CLEARWATER, Fla. — The storm had passed through Puerto Rico a week earlier, and the damage was still visible as Jesmuel Valentin drove through his hometown in the middle of October.

Trees covered the roads. Light poles were ripped from the ground. Homes were flooded and without electricity. Grocery stores were either closed or without food. There was not enough gas to run generators. Valentin's town of Manati — on the island's northern coast — was hit hard when Hurricane Maria ravaged Puerto Rico.

"That was hard to see," Valentin said. "But, thank god, we have done a really good job, and everything is coming back to normal, little by little."

Valentin, who enters spring training in competition to make the Phillies as a reserve infielder, used those images as motivation when he represented Puerto Rico earlier this month at the Caribbean Series. The island finally had a distraction from Maria's damage. It seemed as though everyone was watching, he said. And Valentin's squad delivered, defeating the Dominican Republic to capture Puerto Rico's second straight title.

"Giving that joy was one of the biggest motivations for us," Valentin said. "We didn't go there just to have fun and play, but we were thinking about giving as much as we can and putting our Puerto Rico name as high as we can to let everyone know that not even a hurricane can stop us."

Valentin, 23, played a key role with a pair of hits and a run scored in the series-clinching win. He batted .287 this winter in 24 games at second base, shortstop, and third base. It was his first action in eight months, and Valentin proved that he was healthy. His season ended in May, after just 29 triple-A games, when he underwent shoulder surgery. It was a crushing blow in a season that began with a terrific spring training and was expected to end with Valentin's major-league debut.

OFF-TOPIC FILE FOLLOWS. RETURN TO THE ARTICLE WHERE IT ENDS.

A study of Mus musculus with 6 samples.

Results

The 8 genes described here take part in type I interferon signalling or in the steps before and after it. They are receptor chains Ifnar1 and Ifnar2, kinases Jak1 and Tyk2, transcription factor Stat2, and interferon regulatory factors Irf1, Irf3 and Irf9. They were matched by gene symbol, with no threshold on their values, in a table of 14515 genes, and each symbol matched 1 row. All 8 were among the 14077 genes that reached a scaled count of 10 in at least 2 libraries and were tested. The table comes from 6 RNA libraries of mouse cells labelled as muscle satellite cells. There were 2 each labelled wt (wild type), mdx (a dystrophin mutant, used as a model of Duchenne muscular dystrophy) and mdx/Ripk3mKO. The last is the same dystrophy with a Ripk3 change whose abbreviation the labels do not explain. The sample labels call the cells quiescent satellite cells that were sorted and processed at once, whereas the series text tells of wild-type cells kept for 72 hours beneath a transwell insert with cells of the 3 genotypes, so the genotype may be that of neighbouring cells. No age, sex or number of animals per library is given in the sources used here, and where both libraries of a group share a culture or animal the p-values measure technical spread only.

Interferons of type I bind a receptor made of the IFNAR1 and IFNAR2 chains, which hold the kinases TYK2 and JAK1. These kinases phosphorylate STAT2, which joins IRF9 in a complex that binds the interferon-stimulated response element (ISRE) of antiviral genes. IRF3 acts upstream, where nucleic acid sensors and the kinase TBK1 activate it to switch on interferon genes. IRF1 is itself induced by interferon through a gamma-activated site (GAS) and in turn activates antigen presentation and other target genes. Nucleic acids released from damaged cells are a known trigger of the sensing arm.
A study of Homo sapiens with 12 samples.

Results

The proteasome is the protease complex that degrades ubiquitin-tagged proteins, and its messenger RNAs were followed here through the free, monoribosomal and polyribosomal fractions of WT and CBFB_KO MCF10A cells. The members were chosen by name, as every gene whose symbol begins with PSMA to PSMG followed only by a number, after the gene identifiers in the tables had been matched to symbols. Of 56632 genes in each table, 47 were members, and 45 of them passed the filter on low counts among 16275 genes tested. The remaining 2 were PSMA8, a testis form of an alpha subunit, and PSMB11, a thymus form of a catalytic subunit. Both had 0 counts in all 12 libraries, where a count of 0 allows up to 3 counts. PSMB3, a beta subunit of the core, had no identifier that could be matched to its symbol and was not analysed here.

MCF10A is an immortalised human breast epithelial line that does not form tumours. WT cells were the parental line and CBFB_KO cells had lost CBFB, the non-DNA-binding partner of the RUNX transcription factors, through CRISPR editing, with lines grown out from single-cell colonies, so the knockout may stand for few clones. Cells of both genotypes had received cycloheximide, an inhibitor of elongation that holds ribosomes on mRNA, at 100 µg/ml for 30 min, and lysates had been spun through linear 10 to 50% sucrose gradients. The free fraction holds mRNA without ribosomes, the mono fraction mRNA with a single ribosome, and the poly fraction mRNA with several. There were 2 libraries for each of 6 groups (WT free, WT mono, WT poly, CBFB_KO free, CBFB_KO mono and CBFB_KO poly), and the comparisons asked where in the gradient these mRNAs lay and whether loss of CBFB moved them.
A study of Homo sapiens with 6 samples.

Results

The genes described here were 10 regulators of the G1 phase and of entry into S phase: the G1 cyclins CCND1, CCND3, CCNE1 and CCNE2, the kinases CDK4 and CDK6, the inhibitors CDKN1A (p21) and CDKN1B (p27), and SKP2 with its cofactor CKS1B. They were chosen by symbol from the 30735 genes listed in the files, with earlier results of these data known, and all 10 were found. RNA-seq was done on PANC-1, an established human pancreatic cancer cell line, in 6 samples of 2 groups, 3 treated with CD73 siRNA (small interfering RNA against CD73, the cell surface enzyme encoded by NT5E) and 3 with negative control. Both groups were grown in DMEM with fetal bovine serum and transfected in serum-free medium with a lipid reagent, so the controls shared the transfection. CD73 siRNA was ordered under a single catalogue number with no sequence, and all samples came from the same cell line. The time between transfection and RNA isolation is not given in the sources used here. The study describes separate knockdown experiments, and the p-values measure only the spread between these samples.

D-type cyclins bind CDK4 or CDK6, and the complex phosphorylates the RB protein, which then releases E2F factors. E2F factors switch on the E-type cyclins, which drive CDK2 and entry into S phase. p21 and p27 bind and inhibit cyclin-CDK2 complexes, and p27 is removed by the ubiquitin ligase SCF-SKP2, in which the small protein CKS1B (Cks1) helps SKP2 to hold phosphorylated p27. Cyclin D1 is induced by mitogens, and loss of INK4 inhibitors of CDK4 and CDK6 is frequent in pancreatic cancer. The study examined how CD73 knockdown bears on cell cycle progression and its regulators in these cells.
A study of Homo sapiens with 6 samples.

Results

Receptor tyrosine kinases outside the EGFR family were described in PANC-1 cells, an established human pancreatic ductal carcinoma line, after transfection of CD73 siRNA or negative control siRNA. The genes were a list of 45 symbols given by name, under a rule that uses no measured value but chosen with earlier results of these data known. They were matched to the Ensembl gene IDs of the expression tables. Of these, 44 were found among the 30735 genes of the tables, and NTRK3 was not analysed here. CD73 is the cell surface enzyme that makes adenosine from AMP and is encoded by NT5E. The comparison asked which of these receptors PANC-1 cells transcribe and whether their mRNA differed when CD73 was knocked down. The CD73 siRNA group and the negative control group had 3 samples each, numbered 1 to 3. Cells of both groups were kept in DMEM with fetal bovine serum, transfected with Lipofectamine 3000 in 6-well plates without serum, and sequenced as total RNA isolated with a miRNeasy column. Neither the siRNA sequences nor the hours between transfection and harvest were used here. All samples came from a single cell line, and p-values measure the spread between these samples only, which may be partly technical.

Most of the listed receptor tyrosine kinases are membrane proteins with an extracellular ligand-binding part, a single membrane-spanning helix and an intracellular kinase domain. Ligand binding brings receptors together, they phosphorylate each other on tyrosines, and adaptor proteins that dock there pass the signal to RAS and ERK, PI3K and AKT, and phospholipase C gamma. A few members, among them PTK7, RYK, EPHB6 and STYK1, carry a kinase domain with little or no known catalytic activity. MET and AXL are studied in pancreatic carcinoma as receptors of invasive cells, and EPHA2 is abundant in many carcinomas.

"It was a tough year for me last year," Valentin said. "Knowing what I did in spring training, I think I opened a lot of eyes. I thought it was going to be my debut year. Then that happened. But God has a purpose. Now I'm here. I have a big chance, I just have to keep doing the same thing I did last year — don't put pressure on myself, and keep playing the same baseball that I've always played."

The Phillies expect to start the season with a shortened, four-man bench, opting to add a pitcher to their bullpen. Bench spots are at a premium, and manager Gabe Kapler expects his reserves to be versatile. Valentin can move all over the infield and could possibly play some outfield, which he has done in winter ball.

He will compete with a cast of veterans the team brought into camp on minor-league deals. Pedro Florimon joined the Phillies in August but broke his ankle two weeks later. Adam Rosales batted .225 last season in 105 major-league games. Will Middlebrooks has played just 32 major-league games over the last two seasons.

Valentin is the only one of them on the 40-man roster, and it will be difficult to send him to triple A again if he replicates what he did last spring.

"Knowing everything that's going on in the world, it just motivates me to keep working hard," Valentin said. "I saw a lot of people with no food and nowhere to live, just sleeping on the streets or under bridges because of the hurricane. That motivates me to keep working hard.

"I have to be more than blessed because God gave me these talents, and there's no looking back for me."